Deserts can be found in all the continents of the world, and vary in average temperatures from extreme cold to extreme heat. Any area receiving less than 10 inches, or 250 mm of precipitation are classified as a desert. The 10 largest deserts in the world by size are:
Antarctic: 5,500,000 sq. miles
The Antarctic is located in the southern hemisphere and covered by around 7.1 million cubic miles of an ice sheet that is approximately 1.5 miles thick. With a humidity rating of 5% it is the driest region on the planet, and so, Antarctic is classified as a large barren cold desert.
Arctic: 5,000,000 sq. miles
The Arctic is the second largest desert on the planet and is slightly smaller in size than the Antarctic. The top part of the Arctic region, known as the Arctic Circle, receives minimal precipitation and is classified as desert land. The southern region of the Arctic, also known as Tundra, has greater precipitation and therefore, supports a thriving ecosystem. A large part of the Arctic is sea ice, most of it seasonal.
Sahara: 3,320,000 sq. miles
The Sahara is the third largest desert and is part of a high-temperature zone, unlike the colder regions of Arctic and Antarctic. The total area varies but mostly stretches approximately 3,000 miles across and around 1,100 miles north to south. Around 25% of the land is covered by sand with the total region comprising a mix of hilly areas and shallow land. The northern areas of the Sahara experiences mostly dry subtropical temperatures while the southern areas remain mostly dry tropical.
Arabian Desert: 900,000 sq. miles
The Arabian desert is part of the Arabian Peninsula that extends across the 220 latitude and 120 to 340 north. Several countries that share the desert land include; Saudi Arabia, Yemen, Iraq, Oman, Kuwait, Qatar, Jordan and the UAE. Large parts of the desert experiences extremely high temperatures, reaching 1300 F during peak summer season.
Gobi Desert: 500,000 sq. miles
Located in Central Asia, the Gobi desert is shared by Mongolia and China. Unlike the Sahara and Arabian deserts, Gobi is mostly made up of hard rock and not sand. The desert is a result of the rain shadow from the tall Himalayan Mountains which prevents precipitation carrying winds from reaching the Gobi. Maximum temperature can touch a high of 1130 F during peak summer season while it can dip to as low as -400 F is some parts.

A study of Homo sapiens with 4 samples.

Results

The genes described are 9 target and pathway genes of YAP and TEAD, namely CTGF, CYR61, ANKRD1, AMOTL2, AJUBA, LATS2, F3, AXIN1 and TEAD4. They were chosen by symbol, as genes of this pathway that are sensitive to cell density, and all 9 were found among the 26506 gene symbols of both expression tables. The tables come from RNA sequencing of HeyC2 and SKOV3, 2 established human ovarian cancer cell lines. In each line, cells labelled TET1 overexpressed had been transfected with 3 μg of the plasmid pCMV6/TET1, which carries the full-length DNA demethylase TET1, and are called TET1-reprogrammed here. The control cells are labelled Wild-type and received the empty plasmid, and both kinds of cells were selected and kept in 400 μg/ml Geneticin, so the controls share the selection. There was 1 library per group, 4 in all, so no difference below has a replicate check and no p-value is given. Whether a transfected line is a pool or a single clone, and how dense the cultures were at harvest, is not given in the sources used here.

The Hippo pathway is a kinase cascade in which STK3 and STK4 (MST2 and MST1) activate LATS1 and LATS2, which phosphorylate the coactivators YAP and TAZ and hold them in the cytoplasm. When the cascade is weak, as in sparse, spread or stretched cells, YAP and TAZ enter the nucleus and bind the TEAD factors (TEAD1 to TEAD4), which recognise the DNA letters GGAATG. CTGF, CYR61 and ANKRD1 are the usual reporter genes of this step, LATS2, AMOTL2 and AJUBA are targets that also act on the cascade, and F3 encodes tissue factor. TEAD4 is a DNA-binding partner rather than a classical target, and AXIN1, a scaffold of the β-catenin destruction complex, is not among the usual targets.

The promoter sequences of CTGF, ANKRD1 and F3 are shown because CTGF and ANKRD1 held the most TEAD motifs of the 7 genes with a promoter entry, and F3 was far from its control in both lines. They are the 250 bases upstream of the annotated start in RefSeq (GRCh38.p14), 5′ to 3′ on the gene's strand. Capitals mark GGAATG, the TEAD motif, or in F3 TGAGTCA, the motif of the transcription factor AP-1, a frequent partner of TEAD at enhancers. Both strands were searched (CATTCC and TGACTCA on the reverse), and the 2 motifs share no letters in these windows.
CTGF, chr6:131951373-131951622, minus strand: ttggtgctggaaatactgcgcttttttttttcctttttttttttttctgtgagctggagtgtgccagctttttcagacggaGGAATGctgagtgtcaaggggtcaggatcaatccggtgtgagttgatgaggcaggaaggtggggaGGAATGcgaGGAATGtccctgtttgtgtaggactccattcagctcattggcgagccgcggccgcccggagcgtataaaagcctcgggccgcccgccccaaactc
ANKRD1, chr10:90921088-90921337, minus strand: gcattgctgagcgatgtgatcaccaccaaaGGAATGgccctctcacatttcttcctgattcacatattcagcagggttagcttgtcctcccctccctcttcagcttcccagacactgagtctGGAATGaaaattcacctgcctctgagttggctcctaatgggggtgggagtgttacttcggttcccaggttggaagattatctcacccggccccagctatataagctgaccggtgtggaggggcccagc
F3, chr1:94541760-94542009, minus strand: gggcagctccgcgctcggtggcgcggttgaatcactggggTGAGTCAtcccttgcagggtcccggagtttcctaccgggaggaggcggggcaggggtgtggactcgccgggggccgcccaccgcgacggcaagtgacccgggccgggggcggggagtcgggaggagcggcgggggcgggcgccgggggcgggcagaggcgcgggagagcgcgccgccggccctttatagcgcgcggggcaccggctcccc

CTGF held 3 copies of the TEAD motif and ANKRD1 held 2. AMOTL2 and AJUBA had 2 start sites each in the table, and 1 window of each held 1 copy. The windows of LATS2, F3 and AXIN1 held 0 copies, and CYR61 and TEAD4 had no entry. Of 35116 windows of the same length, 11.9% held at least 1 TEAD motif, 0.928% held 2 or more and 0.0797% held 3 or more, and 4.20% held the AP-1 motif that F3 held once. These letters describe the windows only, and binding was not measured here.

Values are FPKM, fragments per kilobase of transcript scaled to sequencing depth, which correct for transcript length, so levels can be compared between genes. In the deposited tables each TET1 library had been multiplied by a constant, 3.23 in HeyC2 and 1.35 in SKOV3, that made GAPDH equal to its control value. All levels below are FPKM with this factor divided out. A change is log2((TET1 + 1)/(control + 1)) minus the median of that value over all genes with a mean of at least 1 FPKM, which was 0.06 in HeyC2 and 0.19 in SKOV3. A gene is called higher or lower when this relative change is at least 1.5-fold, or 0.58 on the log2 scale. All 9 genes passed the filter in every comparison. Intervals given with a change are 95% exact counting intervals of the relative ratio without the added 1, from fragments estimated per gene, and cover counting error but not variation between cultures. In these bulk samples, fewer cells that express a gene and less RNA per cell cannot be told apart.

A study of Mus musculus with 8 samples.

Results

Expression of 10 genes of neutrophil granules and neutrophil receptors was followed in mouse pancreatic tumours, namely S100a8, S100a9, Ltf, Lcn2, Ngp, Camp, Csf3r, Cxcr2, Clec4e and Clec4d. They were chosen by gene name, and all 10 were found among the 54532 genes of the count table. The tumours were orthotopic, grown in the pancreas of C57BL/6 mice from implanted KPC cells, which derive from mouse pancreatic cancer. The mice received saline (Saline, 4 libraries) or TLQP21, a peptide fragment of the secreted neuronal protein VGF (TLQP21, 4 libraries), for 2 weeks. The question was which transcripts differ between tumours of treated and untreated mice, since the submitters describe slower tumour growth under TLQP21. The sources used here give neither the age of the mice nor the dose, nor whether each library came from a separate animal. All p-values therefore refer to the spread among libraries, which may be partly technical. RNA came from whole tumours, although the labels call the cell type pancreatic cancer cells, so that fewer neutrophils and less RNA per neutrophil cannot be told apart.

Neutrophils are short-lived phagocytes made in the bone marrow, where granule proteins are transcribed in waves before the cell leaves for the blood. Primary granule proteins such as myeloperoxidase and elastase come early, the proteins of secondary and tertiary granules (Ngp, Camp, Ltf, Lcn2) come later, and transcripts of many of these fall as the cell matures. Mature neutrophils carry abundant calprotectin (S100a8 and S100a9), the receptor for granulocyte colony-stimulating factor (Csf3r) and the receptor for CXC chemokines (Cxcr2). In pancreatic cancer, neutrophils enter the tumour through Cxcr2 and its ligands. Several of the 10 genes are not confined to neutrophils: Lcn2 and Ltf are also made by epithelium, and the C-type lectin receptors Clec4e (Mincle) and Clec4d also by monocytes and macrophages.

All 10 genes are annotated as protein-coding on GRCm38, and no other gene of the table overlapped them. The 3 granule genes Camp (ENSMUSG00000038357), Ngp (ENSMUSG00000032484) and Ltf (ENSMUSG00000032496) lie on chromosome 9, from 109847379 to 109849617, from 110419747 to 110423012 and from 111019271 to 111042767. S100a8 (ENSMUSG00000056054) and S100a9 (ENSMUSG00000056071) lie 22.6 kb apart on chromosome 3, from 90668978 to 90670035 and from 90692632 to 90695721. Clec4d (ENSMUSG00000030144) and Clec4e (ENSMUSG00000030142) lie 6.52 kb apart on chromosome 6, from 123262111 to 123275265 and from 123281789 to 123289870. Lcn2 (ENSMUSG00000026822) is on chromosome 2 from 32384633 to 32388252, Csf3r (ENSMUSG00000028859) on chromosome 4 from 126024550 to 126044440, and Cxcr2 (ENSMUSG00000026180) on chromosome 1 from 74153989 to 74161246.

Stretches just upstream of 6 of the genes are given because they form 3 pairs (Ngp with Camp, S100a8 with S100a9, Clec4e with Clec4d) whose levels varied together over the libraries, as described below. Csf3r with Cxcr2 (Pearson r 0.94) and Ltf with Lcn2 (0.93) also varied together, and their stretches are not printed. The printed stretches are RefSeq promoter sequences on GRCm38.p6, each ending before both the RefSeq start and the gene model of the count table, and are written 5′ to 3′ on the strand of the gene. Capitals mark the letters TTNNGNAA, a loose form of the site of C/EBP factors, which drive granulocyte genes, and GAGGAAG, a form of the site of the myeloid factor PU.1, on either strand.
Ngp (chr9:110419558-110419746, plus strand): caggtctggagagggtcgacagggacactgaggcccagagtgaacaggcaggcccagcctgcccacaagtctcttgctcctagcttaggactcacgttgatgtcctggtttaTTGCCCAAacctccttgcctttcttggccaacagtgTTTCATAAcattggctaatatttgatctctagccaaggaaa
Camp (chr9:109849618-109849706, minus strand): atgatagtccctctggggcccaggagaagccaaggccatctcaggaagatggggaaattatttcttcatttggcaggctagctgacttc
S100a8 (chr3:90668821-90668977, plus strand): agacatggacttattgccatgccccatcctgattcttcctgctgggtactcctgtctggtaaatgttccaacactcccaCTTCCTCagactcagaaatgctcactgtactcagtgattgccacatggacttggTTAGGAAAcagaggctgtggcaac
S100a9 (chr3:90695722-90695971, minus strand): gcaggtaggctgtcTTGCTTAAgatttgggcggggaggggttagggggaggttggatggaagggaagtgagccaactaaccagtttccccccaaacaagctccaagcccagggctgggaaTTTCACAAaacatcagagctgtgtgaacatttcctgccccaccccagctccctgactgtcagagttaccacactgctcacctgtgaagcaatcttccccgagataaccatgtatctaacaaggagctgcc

Kalahari Desert: 360,000 sq. miles
This subtropical desert is located in the southern part of the African continent and shared between Botswana, Namibia, South Africa, and Angola. Extended dunes cover most of the north and northwestern parts of the Kalahari. During peak summer, the temperature can reach 1150 F during the day and fall to 750 F at night. Winter temperatures drop to 100 F.
Great Victoria Desert: 220,000 sq. miles
The largest desert on the Australian continent is located in the southwestern region and extends over 700 miles across. The desert is mostly arid and made up of rocky terrain and undulating dunes. During the summer season, temperatures can exceed 1050 F, and in winters dip to as low as 680 F.
Patagonia Desert: 200,000 sq. miles
Located in South America between the Andes and the Atlantic Ocean, the Patagonia desert is part of Argentina and Chile. A cold winter desert, temperatures here average 370 F
Syrian Desert: 200,000 sq. miles
The Syrian desert is about the same size as Patagonia but is a subtropical desert which is mostly dry. Located in West Asia, the desert forms part of Syria, Iraq, and Jordan.
Great Basin Desert: 190,000 sq. miles
The Great Basin Desert is located in the United States and forms part of the Greater North American Desert. It features several mountain peaks (33) with some reaching 10,000 feet. Since large parts are mountainous, the temperatures vary based on the elevation.